Jacobsen's album artwork captures the dry humor present in his lyrics.

Jacobsen's album artwork captures the dry humor present in his lyrics.

Stephee Bonifacio

If music is a window to an artist’s soul, then David W. Jacobsen’s soul is looking pretty dark. The independent singer/songwriter recently released an album entitled “Begin the Chagrin.” If I’m being honest I definitely went into listening with the expectation for some dark and twisty songs that you only listen to on a rainy day. Afterall, “chagrin”, meaning humiliation and embarrassment, doesn’t exactly imply that Jacobsen will be singing warm and fuzzy love songs.

I was pleasantly surprised, however; when I pressed play on the first song of the album, “Settle”, and heard upbeat guitar strumming. As I continued through the album I noticed that these songs are very reminiscent of the melancholy artists of the early 1970s. Jacobsen seemed to be channeling the dark humorous tones made famous by artists such as Bob Dylan, Simon and Garfunkel, and Leonard Cohen.

Jacobsen surprised me by not falling into the trap of angsty singer-songwriters addicted to minor chords and storm metaphors,in fact he did the exact opposite. Jacobsen’s writing took the humorous perspectives of many differing protagonists varying in subject matter but remaining consistently relatable and relevant. This humourous tone is most obvious in the songs, “Your Sister”, an ode to the protagonist’s girlfriend’s sister who he is attracted to, and “Binoculars” a tribute to a beautiful girl the character had watched with binoculars.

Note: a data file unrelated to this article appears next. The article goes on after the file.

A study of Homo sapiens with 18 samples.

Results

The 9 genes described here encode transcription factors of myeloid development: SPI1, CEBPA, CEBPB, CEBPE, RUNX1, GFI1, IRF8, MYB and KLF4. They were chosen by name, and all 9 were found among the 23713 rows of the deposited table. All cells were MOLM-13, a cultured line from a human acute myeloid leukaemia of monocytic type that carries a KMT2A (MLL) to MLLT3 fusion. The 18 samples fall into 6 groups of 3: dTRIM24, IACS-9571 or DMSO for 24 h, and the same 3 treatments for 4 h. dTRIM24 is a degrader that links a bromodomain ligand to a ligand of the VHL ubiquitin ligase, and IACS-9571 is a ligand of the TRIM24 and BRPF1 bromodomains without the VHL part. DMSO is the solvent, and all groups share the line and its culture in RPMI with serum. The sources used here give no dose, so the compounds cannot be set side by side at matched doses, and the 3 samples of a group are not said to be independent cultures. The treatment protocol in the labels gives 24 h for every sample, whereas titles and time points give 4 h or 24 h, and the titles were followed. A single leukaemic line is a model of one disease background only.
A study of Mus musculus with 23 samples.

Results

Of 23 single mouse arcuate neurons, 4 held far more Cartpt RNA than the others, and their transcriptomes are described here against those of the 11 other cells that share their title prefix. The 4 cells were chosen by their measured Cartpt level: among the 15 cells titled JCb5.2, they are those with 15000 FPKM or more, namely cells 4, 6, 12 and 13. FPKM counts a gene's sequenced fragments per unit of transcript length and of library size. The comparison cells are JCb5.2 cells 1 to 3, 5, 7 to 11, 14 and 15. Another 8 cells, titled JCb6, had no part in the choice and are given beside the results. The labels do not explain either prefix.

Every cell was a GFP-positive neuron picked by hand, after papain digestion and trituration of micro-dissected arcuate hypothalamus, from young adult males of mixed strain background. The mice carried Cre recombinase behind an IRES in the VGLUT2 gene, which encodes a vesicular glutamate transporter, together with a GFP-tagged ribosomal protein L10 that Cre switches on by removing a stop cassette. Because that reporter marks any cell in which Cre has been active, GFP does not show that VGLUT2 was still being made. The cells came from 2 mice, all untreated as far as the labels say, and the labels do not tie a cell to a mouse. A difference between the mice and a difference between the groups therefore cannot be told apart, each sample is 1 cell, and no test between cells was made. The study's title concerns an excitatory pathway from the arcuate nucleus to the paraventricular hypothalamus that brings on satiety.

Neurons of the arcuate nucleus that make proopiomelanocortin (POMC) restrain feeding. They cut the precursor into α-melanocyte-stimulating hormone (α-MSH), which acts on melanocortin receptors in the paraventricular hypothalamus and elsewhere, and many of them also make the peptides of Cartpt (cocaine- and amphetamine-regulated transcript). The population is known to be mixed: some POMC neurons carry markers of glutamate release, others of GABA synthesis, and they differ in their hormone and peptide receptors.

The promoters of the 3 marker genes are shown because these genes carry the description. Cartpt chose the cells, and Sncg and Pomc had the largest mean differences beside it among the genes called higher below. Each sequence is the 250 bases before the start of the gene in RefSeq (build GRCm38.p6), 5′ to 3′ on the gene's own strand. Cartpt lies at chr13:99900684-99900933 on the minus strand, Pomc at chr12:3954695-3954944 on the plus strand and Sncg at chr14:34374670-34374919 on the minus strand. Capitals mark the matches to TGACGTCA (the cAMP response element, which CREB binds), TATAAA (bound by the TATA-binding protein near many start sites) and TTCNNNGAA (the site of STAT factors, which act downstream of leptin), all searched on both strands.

My favorite song on the album is “Guitar Guy.” This song shares a story of a songwriter who has strong messages they want to share but are stuck performing for an audience that isn’t really listening. A song that will resonate in the hearts of all aspiring songwriters drowning in the computer age. My only qualm is that the melody and storyline is eerily similar to that of the classic song “The Guitar Man”, written by the 1960’s classic rock band Bread.

The album starts strong with an obviously heavy influence from the classic rock bands that many including myself idolize greatly. This is a genre that I believe is important because it emphasizes the lyrics and the message rather than how quickly audiences can memorize the chorus. If you are one with a broad music taste I would recommend branching out and giving this album a listen.